Sonja: A chapter from Occupied (Part 2)
Ivan came back from SIS, which was located only a few blocks down from the park, with that still dazed look of a child lost at the fair, on his face, as if he were unsure if he would ever again find his familiars, to relay to Sonja and myself, that SIS would not be providing us with any of the items on the list, if anything, their request was that we continue to send the donations we were recieving in the park down to them, so that they could be inventoried, and then sent back to us as needed.
Having spent a bit of time with SIS, my experience had been exactly the opposite, which is not to say that important things were never done in there, or that key items were never sent out, although they seemed more often to disappear into the private bags of SIS crew, or to be sent out to other occupations, after, of course, the indoor occupiers had made their appropriations, rather than to our own park, which often needed items that SIS would not provide. But my experience had been one of less inventoring and all it’s needed seriousness, given the circumstances, and attention to detail, and instead alot of social slacking and gathering, eating communal ice cream, being particularly catty and isolationist, although in an alternative hippy type of way, which is interesting in and of itself, and having privelaged access to a set of bathrooms that was not on offer to most occupiers, without there being alot of hassle and red tape involved, administered with discretion and by alt. hippy social standing, to perhaps allow you one, painfully long sought, and peaceful piss.
I turned to Sonja and the rest of the comfort crew and told them that I didn’t think that we should be sending anything else down to them, as far as I was concerned, they already had the most cherished and needed items, including top of the line weather proof tents, which they would not administer within the park, leaving some people to sleep under the most make-shift tarp and rope allignments, which left them cringing at night as the cold ate away into their bones, numbing even their minds, and making cruelty, sometimes, all the more prevalent amongst eachother.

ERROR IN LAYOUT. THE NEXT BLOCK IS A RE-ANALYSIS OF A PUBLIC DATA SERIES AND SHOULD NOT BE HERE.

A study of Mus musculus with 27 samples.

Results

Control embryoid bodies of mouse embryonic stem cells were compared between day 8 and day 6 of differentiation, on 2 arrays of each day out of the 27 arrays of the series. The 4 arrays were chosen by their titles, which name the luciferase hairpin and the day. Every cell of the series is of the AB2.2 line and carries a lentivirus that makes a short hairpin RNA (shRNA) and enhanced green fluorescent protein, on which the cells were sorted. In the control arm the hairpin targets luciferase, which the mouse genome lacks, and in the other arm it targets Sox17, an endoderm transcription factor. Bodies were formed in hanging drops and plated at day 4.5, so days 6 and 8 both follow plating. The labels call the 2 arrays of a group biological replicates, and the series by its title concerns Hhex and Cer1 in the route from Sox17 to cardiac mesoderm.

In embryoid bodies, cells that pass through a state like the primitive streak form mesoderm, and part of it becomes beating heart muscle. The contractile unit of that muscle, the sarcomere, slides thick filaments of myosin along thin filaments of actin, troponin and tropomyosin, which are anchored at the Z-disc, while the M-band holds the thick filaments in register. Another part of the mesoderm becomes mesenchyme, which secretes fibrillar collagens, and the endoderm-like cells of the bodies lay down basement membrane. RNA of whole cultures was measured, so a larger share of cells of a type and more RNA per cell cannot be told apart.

At that point Sonja made an excellent suggestion, that we might continue to send in bags of donations we were recieving to SIS, only after we had gone through them, extracting the clothing and other materials that were in the best condition and also among what was most lacking in our station. The only unfortunate thing was that tents were not usually an item people brought directly to us, and when, on the off chance they were, they usally were not in any kind of usable condition.
“So that’s what we’ll do then”, I said. I took a temperature check on the proposal, which was, at this point, and under this unbearable cold, only a formality, where, it seemed, almost anything could be agreed to. “Lets go through this shit we have right here”, Sonja bellowed, with the resentment of being fucked over ingrained deeply in her tone, “We’ll put whats worth keeping in one bin, then put them in their seperate bins after”, I added.
Hands crippled with the cold, ripped into black garbage bags, and each with their pair of winter pain, began assessing the donations, and siphoning off what might be needed, sooner rather than later.